Police officials in Karnataka prohibit a group of about 50 Christians from meeting for worship services, arguing that they were not Christians from birth, but must have been converted to Christianity through force or fraud, persecution watchdog International Christian Concern (ICC) reported.
Fifteen Christians families in Hassan’s Bannimardatti village were summoned to meet the Deputy Superintendent of Police (DSP) and other police officials on January 4.
In the meeting, Christians were asked to produce evidence to prove they were Christians and were accused of fraudulently collecting government benefits both as Christians and Hindus.
The officials then ordered the Christian families from Bannimardatti village not to hold worship gatherings claiming that none of the Christians were Christians from birth and had converted to Christianity by force or fraud.
“This is the final attempt of Hindu radicals using the state police to clamp down on Christian activities,” a local Christian, who chose to remain anonymous, told ICC.
“They have tried everything including social boycotts and physical beatings. However, local Christians remained faithful in the midst of continued harassment,” he said.
Under Article 25 of the Indian constitution, citizens have the freedom to practice, profess and propagate the religion of their choice. But the DSP’s order against the Christian families conflicts with the rights to religious freedom.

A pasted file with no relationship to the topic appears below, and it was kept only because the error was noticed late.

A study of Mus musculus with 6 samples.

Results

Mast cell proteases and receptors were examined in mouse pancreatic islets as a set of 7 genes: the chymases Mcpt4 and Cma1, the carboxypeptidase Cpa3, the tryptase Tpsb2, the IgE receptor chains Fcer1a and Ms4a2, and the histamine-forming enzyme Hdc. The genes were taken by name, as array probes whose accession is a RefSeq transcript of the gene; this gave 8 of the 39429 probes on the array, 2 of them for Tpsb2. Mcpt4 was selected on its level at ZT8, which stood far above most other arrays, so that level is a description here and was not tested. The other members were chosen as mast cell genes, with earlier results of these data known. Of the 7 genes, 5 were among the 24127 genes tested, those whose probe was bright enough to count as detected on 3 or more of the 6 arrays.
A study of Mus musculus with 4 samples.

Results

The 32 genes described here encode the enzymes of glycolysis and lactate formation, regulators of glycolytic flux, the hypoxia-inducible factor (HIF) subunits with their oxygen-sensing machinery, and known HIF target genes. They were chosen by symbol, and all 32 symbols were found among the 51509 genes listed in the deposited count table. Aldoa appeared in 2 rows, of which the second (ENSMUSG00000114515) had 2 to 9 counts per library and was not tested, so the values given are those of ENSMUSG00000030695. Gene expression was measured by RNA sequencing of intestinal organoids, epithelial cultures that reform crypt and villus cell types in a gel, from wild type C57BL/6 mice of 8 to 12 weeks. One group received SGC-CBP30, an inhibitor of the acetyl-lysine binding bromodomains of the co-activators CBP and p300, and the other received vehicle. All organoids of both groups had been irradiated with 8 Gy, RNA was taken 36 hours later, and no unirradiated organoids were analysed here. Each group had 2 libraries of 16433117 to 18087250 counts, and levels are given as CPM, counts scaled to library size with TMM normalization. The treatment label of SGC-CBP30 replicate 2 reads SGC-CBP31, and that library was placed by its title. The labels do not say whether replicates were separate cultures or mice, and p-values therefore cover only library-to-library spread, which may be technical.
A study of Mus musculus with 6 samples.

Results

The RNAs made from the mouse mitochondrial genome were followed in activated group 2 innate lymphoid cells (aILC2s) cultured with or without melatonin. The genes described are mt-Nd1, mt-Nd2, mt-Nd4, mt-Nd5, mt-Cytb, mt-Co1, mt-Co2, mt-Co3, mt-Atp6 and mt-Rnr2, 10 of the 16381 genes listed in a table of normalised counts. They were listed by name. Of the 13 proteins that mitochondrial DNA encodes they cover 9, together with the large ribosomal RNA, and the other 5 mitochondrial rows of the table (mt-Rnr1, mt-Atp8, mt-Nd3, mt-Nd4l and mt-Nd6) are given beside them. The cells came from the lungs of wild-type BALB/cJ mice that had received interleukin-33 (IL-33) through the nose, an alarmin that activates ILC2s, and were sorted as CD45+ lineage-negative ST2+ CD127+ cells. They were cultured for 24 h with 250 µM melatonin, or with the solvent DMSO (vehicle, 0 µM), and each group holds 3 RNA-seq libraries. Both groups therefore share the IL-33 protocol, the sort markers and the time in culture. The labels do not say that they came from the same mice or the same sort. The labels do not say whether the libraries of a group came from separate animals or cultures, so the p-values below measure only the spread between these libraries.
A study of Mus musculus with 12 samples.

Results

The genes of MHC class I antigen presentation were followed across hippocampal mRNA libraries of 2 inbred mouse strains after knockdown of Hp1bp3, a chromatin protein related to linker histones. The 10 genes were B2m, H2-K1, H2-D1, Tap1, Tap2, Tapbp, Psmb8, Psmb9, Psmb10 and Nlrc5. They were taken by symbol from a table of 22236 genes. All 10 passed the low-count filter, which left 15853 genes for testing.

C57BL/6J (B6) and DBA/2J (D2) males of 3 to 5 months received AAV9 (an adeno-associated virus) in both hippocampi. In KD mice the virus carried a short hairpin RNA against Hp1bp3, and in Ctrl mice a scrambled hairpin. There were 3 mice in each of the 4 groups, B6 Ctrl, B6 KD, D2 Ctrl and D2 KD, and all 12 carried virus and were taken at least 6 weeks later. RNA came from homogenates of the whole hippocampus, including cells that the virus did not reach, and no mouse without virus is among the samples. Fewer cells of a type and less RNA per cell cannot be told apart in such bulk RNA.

“There is no freedom whatsoever to gather for worship and practice the faith of our choice,” a local pastor told ICC.
“The divide between communities is growing and the anti-conversion law that the state government of Karnataka is trying to enact will worsen the situation for religious minorities,” he added.
After Uttar Pradesh, Madhya Pradesh passed the anti-conversion bill that criminalizes fraudulent religious conversions. Karnataka, Assam and Haryana are now planning to pass laws that would limit the religious freedom of minorities.
All the states that have enforced the anti-conversion law and the states that are planning to implement similar laws are all headed by leaders of the BJP.
The spectre of forced religious conversions is frequently used by radical Hindu nationalists as an excuse to target Christians, although the census data shows that no major conversions have occurred over the years and Christians make up just 2.3 percent of the population of the country.